Looming Debt Limit Debate Offers Opportunity for Meaningful Reform

The debt limit was quietly reinstated on March 16. The budget deal in November 2015 suspended the debt limit through March 15, 2017, and reinstated the limit the day after at the current level of gross debt held by the government. Since Congress has delayed raising the debt limit, the Treasury Department is using special accounting tools called “extraordinary measures” in order to avoid default.

Legislation increasing the debt limit is often highly contentious, as neither party wants to be perceived as “increasing the debt.” In reality, the debt limit is simply a cap on the amount of money the government can borrow. By raising the debt limit, Congress allows the federal government to cover the government’s current obligations rather than increasing the debt.

Congress will endanger the economy if it does not pass legislation to increase the debt limit. The Treasury Department can use “extraordinary measures” to borrow additional funds without hitting the debt limit and extend the time lawmakers have before they must raise the debt limit. However, the Congressional Budget Office projects that these extraordinary measures will last only until the fall of 2017. The Bipartisan Policy Center projects that these measures will last until October or November 2017.

Previous debt limit debates have led to legislation that put in place processes or policies to reduce the deficit. While our current debt limit reflects much of the same dysfunction of our broken budget process, future debt limit legislation could bring with it the opportunity to reform the debt limit in a way that puts the debt on a downward path and improves fiscal discipline.

Senate Budget Committee Chairman Mike Enzi and former House Budget Committee Chairman Tom Price have both included debt limit reforms in their larger budget process reform proposals. While these two proposals have important differences, they both call for replacing the nominal debt limit, which is based on a dollar amount, with a targeted limit on debt as a share of GDP.

This significant change in calculating the debt limit brings with it two important effects. First, it uses a measure that better contextualizes the size of debt by comparing it to the size of the economy. Second, this modification forces Congress to take action in advance and keep the debt within its targets.

While both bills share this common reform, the enforcement mechanisms for these targets differ significantly. In Chairman Enzi’s plan, Congress establishes debt-to-GDP targets at the beginning of the federal budget process. Once adopted, these targets are binding on the Congressional and President’s budgets unless modified by a two-thirds majority. Under Price’s plan, if the debt-to-GDP ratio exceeds the target, then Congress would need to enact new targets into law before the Secretary of Treasury could borrow additional funds.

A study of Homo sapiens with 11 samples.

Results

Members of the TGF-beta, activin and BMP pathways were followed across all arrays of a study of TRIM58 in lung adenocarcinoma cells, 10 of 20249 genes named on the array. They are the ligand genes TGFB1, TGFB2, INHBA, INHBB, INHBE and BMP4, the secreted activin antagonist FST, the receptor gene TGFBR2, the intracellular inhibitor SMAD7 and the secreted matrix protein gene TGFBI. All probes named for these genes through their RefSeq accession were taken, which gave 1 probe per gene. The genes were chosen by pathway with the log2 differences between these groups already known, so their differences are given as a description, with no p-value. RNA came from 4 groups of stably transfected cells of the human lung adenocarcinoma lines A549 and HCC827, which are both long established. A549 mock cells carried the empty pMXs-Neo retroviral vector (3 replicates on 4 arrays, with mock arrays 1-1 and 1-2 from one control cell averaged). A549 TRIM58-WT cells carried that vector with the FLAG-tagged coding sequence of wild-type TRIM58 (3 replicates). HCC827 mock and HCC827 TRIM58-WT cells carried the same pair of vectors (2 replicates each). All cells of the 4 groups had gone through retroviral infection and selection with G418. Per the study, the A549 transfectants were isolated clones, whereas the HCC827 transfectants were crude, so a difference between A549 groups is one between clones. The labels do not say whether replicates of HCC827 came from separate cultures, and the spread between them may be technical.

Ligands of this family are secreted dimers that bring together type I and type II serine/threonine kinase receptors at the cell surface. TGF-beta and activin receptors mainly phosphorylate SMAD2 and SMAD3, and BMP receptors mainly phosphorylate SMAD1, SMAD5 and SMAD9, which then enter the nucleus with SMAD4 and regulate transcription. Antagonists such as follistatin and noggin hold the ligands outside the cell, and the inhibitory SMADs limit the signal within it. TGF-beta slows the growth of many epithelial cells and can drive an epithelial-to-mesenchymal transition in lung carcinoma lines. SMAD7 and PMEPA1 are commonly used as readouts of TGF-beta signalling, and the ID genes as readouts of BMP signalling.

We have proposed similar debt limit reforms to reduce the debt-to-GDP ratio as part of our Better Budget Process Initiative. These recommendations include:

Linking changes in the debt limit to achieving responsible fiscal targets:

  • Providing presidential authority to increase the debt limit if fiscal targets are met.
  • Providing presidential authority to increase the debt limit when the authorization is accompanied by a plan to put debt on a declining path as a share of GDP.
  • Suspending the statutory limit on debt if long-term fiscal targets are met.

Automatically increasing the debt limit upon passage of a budget resolution:

  • Requiring reconciliation instructions to increase the debt limit to accommodate debt levels in the budget resolution.
  • Requiring legislation with significant net costs to include an increase in the debt limit.

Applying the debt limit to more economically meaningful measures:

  • Modifying the debt limit to apply only to debt held by the public.
  • Indexing the debt limit to GDP growth, effectively capping debt-to-GDP.

Replacing the debt limit with a limit on future obligations:

  • Applying the debt limit to future liabilities and unfunded obligations.
  • Replacing the debt limit with a “debt cap.”

These reforms align debt limit enforcement with desired debt targets, constrain Congress and the President by establishing a target that puts the debt on a downward trajectory, and base the debt limit on a measure that more meaningfully reflects the government’s ability to handle its debt. Reforming the debt limit along these lines could help force the President and Congress to confront the long-term fiscal consequences of the policies they enact.

As they confront the debt limit, we hope lawmakers pursue fiscally responsible reforms by introducing a long-term perspective into the government’s management of debt, reducing brinkmanship, and lowering the debt-to-GDP ratio.

Click here to read more about the Better Budget Process Initiative.

Click here for more information on the debt limit.

Click here to read, "Improving the Debt Limit."